It is thought that Koh Samui was first inhabited around 1,500 years ago by fishermen from the Malay Peninsula and southern coast of China. The island is referenced on ancient Chinese maps, which date back to 1687, as ‘Pulo Cornam’. The word ‘Samui’ may be an extension of the name of a native tree, Mui, or may possibly originate from the Chinese word ‘saboey’ which means ‘safe haven’.
Little was known about the island until the first boat transportation service to Koh Samui was launched in the mid-1800s. Back then it took a full day of sailing to cover the 35 km voyage from Suratthani on the mainland.
Until tourism came to Koh Samui, the island was an isolated community, with little contact to the mainland. Before the island’s first roads were built in the 1970s, the journey from the east to west coast was a 15 kilometer trek through the island’s central belt of mountainous jungle.
Since this time, Samui has grown and developed exponentially to become the successful SE Asian tropical, tourist destination that it is today.
Koh Samui currently has an estimated population of 63000 people with a strong economy that depends on a successful tourist industry as well as the exporting of coconut and rubber.
Wat Phra YaiBig Buddha
Wat Plai LaemChinese Thai Beliefs
Wat KhunaramThe mummified monk
Wat Khao ChediReclining Buddha
Wat Sila NguStone snake Temple
Wat Laem SorSerenity & Peaceful
Traditional FishingA journey through time
Thailand needs no introduction as one of the world most exotic and tropical holiday destinations and in recent years has become increasingly popular with visiting anglers in search of monster freshwater fish. Thailand offers angling for some of the largest freshwater fish in the world, all native to Thailand and attain world record breaking size. Whether you wish to sample the amazing wild freshwater fishing Thailand has to offer, or want to visit a heavily stocked commercial fishery in search of that fish of a lifetime, let our team guide you on your fishing adventures in Koh Samui.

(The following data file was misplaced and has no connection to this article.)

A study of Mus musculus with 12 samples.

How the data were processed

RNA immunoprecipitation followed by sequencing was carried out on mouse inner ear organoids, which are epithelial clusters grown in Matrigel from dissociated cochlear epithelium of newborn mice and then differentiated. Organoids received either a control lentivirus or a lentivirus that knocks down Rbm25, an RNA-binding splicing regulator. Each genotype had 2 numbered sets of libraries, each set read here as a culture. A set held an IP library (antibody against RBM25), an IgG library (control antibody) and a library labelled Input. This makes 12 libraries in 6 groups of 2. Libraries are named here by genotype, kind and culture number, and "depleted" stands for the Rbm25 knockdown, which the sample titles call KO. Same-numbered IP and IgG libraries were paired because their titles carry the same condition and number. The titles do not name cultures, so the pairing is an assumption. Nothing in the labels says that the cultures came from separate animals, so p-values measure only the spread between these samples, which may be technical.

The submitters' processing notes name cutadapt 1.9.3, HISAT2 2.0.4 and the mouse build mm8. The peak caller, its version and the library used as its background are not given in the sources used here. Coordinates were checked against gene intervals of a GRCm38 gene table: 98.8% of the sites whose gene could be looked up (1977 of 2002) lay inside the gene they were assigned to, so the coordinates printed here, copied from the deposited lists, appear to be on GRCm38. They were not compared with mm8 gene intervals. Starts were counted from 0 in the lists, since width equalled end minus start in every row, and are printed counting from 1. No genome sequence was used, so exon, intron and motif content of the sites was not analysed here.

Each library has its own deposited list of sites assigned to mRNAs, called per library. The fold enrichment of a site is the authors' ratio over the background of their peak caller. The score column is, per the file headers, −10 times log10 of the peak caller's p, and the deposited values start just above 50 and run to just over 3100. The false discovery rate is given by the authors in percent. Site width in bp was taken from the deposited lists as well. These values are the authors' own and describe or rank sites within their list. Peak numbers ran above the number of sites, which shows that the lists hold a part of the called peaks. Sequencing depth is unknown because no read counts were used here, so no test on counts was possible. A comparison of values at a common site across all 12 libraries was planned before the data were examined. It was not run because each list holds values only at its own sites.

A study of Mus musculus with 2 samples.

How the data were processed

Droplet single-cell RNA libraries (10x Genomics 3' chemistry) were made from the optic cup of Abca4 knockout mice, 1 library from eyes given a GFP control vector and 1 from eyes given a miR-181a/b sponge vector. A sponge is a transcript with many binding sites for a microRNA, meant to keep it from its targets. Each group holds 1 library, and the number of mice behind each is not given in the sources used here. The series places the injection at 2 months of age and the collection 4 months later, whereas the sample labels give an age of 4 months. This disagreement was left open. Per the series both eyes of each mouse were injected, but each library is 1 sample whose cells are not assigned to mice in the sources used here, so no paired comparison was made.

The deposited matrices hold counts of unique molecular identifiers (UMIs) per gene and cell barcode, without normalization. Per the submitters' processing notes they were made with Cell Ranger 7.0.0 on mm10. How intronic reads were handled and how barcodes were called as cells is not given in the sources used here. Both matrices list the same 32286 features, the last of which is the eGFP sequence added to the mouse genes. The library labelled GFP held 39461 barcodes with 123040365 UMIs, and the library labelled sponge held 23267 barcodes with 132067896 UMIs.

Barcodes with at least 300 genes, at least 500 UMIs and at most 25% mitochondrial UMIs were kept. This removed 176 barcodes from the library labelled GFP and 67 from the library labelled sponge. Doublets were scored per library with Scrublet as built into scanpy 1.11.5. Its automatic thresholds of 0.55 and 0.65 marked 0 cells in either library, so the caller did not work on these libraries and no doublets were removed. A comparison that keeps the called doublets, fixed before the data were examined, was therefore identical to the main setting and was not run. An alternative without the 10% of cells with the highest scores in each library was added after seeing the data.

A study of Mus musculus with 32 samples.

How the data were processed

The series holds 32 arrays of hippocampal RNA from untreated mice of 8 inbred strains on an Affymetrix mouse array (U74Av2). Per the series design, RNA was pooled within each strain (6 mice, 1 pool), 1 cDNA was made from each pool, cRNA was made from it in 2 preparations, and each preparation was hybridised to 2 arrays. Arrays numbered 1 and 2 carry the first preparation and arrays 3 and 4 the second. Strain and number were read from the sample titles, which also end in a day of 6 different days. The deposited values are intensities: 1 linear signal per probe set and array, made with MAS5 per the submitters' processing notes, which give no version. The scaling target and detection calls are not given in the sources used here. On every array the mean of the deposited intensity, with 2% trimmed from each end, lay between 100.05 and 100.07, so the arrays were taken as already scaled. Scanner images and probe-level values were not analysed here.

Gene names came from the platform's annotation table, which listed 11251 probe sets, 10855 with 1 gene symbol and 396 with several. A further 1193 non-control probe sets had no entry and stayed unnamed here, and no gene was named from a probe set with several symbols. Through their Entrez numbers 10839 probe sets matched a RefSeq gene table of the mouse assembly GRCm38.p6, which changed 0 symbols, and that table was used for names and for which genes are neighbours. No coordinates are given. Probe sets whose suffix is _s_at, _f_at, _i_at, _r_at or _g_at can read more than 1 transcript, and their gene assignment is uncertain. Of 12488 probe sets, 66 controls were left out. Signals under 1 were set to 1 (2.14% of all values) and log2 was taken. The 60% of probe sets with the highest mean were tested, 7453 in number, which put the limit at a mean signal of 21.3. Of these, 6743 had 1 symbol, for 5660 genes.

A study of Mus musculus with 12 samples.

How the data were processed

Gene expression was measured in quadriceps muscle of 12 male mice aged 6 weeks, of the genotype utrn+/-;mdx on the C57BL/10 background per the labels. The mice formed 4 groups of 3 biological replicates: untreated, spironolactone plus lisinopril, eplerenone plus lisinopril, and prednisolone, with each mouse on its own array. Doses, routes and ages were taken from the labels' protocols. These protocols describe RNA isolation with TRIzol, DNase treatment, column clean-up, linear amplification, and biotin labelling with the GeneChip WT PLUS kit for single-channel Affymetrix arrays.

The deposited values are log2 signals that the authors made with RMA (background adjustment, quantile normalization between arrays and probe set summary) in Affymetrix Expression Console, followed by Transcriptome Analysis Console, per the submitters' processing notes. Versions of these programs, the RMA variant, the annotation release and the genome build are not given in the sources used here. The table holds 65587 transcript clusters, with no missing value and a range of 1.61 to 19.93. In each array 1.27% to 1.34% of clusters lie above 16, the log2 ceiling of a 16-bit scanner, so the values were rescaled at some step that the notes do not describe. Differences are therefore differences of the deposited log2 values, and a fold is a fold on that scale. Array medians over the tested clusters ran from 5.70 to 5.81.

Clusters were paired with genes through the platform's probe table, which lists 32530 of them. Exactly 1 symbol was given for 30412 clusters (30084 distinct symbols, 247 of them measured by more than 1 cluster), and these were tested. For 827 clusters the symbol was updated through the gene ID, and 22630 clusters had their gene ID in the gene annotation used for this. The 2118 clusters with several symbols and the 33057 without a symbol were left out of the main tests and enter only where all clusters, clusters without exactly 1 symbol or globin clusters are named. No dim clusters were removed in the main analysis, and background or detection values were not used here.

The BirdshowsNatural music
On Samui, the competitions are held every Tuesday and Saturday at 11:00 am. It is not advertised, there is nothing touristy about it, and if you don’t know where it is, you will not find it. The location for the competition is down what is known locally as the ‘Ghost Road’ – the road that links Bangrak to Chaweng.
Traditional DancePure grace
The main dramatic art form of Thailand. Thai dance, like many forms of traditional Asian dance, can be divided into two major categories that correspond roughly to the high art (classical dance) and low art (folk dance) distinction. Although the traditional Thai performing arts are not as vibrant as they once were, suffering inroads from Western entertainment and generally changing tastes, Thai dance drama is not extinct. What survives displays the elegance of an art form refined over centuries. Aside from folk and regional dances (southern Thailand’s Indian-influenced manohra dance, for example), the two major forms of Thai classical dance drama are khon and lakon nai. In the beginning, both were exclusively court entertainments and it was not until much later that a popular style of Dance Theater, likay, evolved as a diversion for common folk who had no access to royal performances.
Thai BoxingThe spirit of the warrior
Muay Thai or Thai boxing is the cultural martial art of Thailand. The origin of Muay Thai dates back several hundred years, and was, essentially, developed as a form of close-combat that used the entire body as a weapon. It is established around the world as a fitness form (Muay aerobic), as a ring sport (Muay Thai) and as a form of self-defense (Muay Boran). MUAYTHAI includes many aspects yet sands as a singular sport with a proud tradition and heritage, a long lasting culture, with people practicing the sport for fitness, health, self-confidence, and an over-all way of life!
BuffaloThe quiet power
Buffalo fighting is a popular form of entertainment. Before you get too horrified, this is nothing like the horrendous bull fighting of Spain. In fact, the buffalo seldom get hurt at all. Two males are put into a ring together, and they paw at the ground, bow and show their horns at each other, run and bash heads – their horns point to the back, so no goring takes place, and the winner is the one who stands his ground, the loser running away with his tail between his legs so to speak.